Scotland newcomer Greg Taylor knows Steve Clarke will not change for the international environment – and is certain the tried and trusted methods will yield results.
As one of four Kilmarnock players in the first Scotland squad Clarke picked, Taylor has witnessed familiar methods and approach from his former club boss.
Clarke has pencilled in double sessions all week in a bid to transmit his message to players before Saturday’s Euro 2020 qualifier against Cyprus.
And Taylor is confident the team will reap the rewards of hard work, as Killie did during 20 months under Clarke which saw them twice break their top-flight points record, produce their best league finish since 1966 and qualify for Europe for the first time since 2001.
— Scotland National Team (@ScotlandNT) June 3, 2019
The left-back said: “The gaffer won’t change for no-one. He is his own man, that is for sure. I have certainly seen that, there is no difference.
“We know what the gaffer can do, we have worked under him for 18 months and learned an awful lot, and I think he can only benefit the rest of the players. I’m sure they will enjoy it, his training is spot-on.
“His tactics on the training field are brilliant. He has said himself, he loves being on the training field. He is dead exact, you know your roles within the team.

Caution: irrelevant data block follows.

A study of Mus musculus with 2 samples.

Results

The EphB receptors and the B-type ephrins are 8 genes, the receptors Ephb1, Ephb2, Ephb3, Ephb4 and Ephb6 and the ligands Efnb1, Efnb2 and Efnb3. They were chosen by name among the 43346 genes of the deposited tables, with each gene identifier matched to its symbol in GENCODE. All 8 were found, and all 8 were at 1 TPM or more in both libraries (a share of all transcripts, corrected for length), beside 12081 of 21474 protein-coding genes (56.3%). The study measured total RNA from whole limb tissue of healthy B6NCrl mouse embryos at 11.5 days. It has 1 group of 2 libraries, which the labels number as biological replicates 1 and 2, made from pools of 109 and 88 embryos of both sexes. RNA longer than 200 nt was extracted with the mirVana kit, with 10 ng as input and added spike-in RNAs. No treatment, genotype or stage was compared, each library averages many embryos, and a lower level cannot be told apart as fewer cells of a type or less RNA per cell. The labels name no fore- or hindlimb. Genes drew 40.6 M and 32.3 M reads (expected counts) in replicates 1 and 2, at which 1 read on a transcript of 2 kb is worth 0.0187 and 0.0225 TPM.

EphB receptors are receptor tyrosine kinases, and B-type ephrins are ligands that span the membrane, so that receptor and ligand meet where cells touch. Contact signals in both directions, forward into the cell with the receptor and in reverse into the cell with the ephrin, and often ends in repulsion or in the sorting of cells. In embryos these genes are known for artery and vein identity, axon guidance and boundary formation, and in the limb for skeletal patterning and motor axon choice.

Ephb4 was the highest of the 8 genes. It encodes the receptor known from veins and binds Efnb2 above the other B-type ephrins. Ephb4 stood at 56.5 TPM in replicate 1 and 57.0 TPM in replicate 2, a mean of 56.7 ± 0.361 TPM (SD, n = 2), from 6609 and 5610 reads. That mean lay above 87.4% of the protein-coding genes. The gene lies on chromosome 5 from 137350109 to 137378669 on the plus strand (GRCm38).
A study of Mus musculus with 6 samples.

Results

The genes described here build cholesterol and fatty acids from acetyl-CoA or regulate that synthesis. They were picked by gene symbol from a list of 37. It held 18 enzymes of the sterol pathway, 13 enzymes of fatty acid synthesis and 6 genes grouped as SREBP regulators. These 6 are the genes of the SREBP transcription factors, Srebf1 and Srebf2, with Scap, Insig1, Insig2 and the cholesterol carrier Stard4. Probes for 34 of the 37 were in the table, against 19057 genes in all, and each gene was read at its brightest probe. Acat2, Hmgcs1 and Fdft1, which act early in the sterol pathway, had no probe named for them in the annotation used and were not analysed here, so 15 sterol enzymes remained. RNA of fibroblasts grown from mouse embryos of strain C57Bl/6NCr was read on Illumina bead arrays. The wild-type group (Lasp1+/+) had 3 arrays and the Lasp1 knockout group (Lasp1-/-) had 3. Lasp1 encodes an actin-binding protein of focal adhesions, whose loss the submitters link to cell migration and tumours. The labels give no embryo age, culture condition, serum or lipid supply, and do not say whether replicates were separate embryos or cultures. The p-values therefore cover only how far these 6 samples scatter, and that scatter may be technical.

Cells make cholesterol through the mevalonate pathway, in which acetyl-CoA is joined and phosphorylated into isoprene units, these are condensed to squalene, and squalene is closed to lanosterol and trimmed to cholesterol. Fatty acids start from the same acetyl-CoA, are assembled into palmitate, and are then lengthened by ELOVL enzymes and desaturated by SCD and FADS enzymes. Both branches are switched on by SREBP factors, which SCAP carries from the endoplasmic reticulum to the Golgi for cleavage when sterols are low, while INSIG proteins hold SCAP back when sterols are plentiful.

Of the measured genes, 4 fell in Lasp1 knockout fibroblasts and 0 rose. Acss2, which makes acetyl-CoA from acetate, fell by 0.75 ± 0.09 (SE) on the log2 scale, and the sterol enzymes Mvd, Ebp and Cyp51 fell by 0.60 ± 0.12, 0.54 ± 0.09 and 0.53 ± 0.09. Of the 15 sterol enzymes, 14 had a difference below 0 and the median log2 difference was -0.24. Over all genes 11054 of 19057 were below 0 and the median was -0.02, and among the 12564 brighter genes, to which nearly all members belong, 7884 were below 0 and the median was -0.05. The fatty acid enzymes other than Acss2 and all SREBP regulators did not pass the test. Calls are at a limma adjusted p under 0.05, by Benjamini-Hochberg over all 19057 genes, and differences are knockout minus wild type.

“He will definitely give us a base to start with, he will work from his back four up and have a solidity. We will be harder to beat, I hope, and probably have a goal threat hopefully to go and win games.”
Taylor is an experienced international at under-age level, and is the only Scotsman to score a winner against Brazil, in an under-20s encounter at the Toulon Tournament in 2017.
And the 21-year-old is determined to prove he belongs in the senior international ranks.
“I would say it was probably a step-up,” he said after his first training session. “It was noticeable, but enjoyable certainly. Once you are playing with that higher calibre of player, you are only going to improve from it.
“I don’t think there would be any point turning up if you didn’t feel you belong, I am quite self-assured.
“To play for your national team is the dream of any young boy playing football, so to be called up is a massive honour. I was very appreciate to the gaffer for calling me up. But now that I’m here I am wanting to show in training that I’m ready to take the chance if needed.”
However, Taylor accepts he has the toughest job in Scottish football trying to win a place at left-back ahead of Liverpool’s Andy Robertson and Celtic’s Kieran Tierney. The latter and Leeds left-back Barry Douglas missed out on the squad for the double header against Cyprus and Belgium through injury.
“It is fair to say,” Taylor said of his task. “But how good is it for Scottish football? Andy just winning the Champions League is amazing. It’s fantastic for the whole country.
“Is there any better than him in my position? So I can only benefit from seeing what Andy does in training and in games.”
But Taylor will not be too proactive in seeking advice.
“I’m sure he gets bothered enough off other people so I will let you ask the questions and just watch him,” he said.